Sunday, March 19, 2006

Fear Factor - America's Addiction to Being Afraid

Americans seem predisposed to being afraid. Oh, I know, you'll say that's a load of crap, that Americans are the bravest and toughest people on earth. In many cases I would agree with you. All one has to do is look at our soldiers, fire services, police and many other occupations that put people in harms way. That's not what I'm referring to when I talk about our addiction to being afraid. Situational bravery is there. It's repeated over and over again. We celebrate it with honors, medals, stories and even movies.

Being afraid however is far more pervasive and in my view attractive. We get to use fear as a cloak to shield us from dealing with the real issues facing us today. Terrorism has become the new badge of fear. At any moment our government tells us, we could be subjected to another attack from the "terrorists". We must be vigilant. We must be looking for the evildoers around every corner. Sleeper cells of radical Islamic terrorists are probably in your neighborhood, or so the government would want you to believe. Is there a threat of terrorism? Certainly. Is there also a threat that an asteroid will land on your head when you go out to get the morning paper? Certainly, but we don't consider that because of a couple of reasons. First, the threat of an asteroid hitting you on the head is remote, the odds of you getting hit by a meteor are 182,138,880,000,000 to 1, and secondly, we don't see news reports about threatening meteors or asteroids every day on CNN, FOX or ABC.

What we do see every day is news about the terrorists. Mostly we see news about Iraq and then we see the government spin the news about Iraq. The story has become a permanent fixture in our lives now. Our country has more or less decided that we are o.k. with having over a hundred thousand soldiers in combat in Iraq. The polls don't agree with this statement, and I think it's because individually, many of us don't like the war and when asked will say so. However, we don't collectively seem to mind. We as a nation have not been forced to sacrifice hardly anything with respect to this war. We aren't paying for it economically, that bill is coming due in the future. Because we are borrowing the funds to execute the war, our kids will get the honor of paying that bill. We haven't seen rationing of food or power. About the only inconvenience I have witnessed is standing in line longer at the airport. Not a dramatic level of sacrifice. The point here is that we don't have a big beef as a nation right now with Bush and his minions fighting this war. Why? Because we are absolutely convinced that if we didn't fight them there, we would be fighting them here. How many times have you heard the term 9/11 when anyone in government who supports this war tries to justify its existence?

Because we've decided to be afraid, we've agreed to put up with all sorts of foolishness from our government. We've agreed to give up civil liberties and allow spying on our citizenry, all in the name of fighting terrorism. We've agreed to allow the government to look into yours, mine, my kids' private lives to nose around to see if we have any connections to Al-Qaida. We've agreed to allow the government to hold people in prison without right to representation or even to confront their accusers. All of this in America. All of this because we are afraid.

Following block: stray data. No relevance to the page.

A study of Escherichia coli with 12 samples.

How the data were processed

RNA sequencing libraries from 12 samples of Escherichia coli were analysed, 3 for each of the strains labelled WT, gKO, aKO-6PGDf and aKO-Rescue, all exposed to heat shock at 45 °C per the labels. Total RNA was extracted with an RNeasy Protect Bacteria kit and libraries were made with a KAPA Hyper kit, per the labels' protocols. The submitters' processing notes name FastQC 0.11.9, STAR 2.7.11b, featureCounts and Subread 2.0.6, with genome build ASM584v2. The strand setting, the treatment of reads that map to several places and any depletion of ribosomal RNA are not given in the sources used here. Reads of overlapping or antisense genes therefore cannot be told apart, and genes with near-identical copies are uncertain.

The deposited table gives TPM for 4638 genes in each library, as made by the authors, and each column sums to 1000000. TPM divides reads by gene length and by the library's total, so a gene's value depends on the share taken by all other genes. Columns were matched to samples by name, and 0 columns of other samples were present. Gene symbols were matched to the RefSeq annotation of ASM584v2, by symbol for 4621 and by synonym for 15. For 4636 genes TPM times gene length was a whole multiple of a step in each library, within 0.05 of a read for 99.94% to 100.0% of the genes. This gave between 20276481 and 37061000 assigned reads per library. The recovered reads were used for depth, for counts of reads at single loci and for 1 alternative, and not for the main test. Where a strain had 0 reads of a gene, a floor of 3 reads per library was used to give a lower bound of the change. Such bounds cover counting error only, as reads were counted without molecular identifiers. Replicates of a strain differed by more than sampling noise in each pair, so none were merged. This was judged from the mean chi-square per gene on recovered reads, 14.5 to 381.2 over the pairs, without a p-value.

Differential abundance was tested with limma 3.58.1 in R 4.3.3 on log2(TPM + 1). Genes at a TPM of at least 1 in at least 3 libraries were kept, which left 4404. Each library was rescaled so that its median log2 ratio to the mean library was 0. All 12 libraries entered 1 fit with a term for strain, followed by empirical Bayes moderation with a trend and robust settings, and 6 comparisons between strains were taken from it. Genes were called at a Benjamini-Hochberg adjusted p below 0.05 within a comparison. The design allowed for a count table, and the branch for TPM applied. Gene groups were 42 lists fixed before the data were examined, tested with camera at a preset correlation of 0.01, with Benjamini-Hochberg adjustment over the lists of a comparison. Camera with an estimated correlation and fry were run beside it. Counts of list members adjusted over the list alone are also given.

Folks, the likelihood of another terrorist attack in this country affecting you is remote. It may and probably will happen again, but let's put this in perspective. This year, the odds of you getting killed by a terrorist attack are about 1 in 88,000, roughly ten times more than the odds of dying as a result of extreme cold.. The odds of dying from a homicide are 1 in 197, or about 447 times more possible than dying in a terrorist attack. The odds of dying from a stroke are 1 in 6, dying from heart disease 1 in 3. So, you see we spend a significant amount of time worrying about something that is not likely to happen. One wonders if we spent $400 billion dollars (about the cost of the war in Afghanistan, Iraq and all other actions towards fighting terrorism) towards fighting heart disease if we could push those odds out to 1 in 100, or 1 in 1000.

What will it take for us to wake up from our collective nap? We have been sold a bill of goods purported to keep us safe, but really does little in the larger view to protect us. How about if we spent the money on new energy sources, reducing environmental pollution, educating our people, providing health care to those that are sick? Wouldn't this make more sense? Wouldn't it make more sense to stop killing people and giving them more and more reasons to hate us? Wouldn't it make more sense to spend money to secure our borders, ports, and public venues?

It is time for the people in this country to refuse to be afraid. It's time for our nation to take action in a manner that stopped the war in Viet Nam. It's time for us as a people to demand that our civil liberties not be eroded and that we bring our soldiers home. It's time to change our political landscape and remove politicians who will use fear to obtain or retain power.

We must dissent. We must argue and debate. We must act. This November, use your vote wisely. If you are tired of listening to the drivel spouted by the administration and congress, vote them out. We will not have a chance to vote for President again until 2008, but we can effectively alter the course of the Bush administration's actions by voting in a democratic majority into congress. Perhaps this will have the desired effect of placing constraints on a president that has forgotten he is the servant of the people, not the master.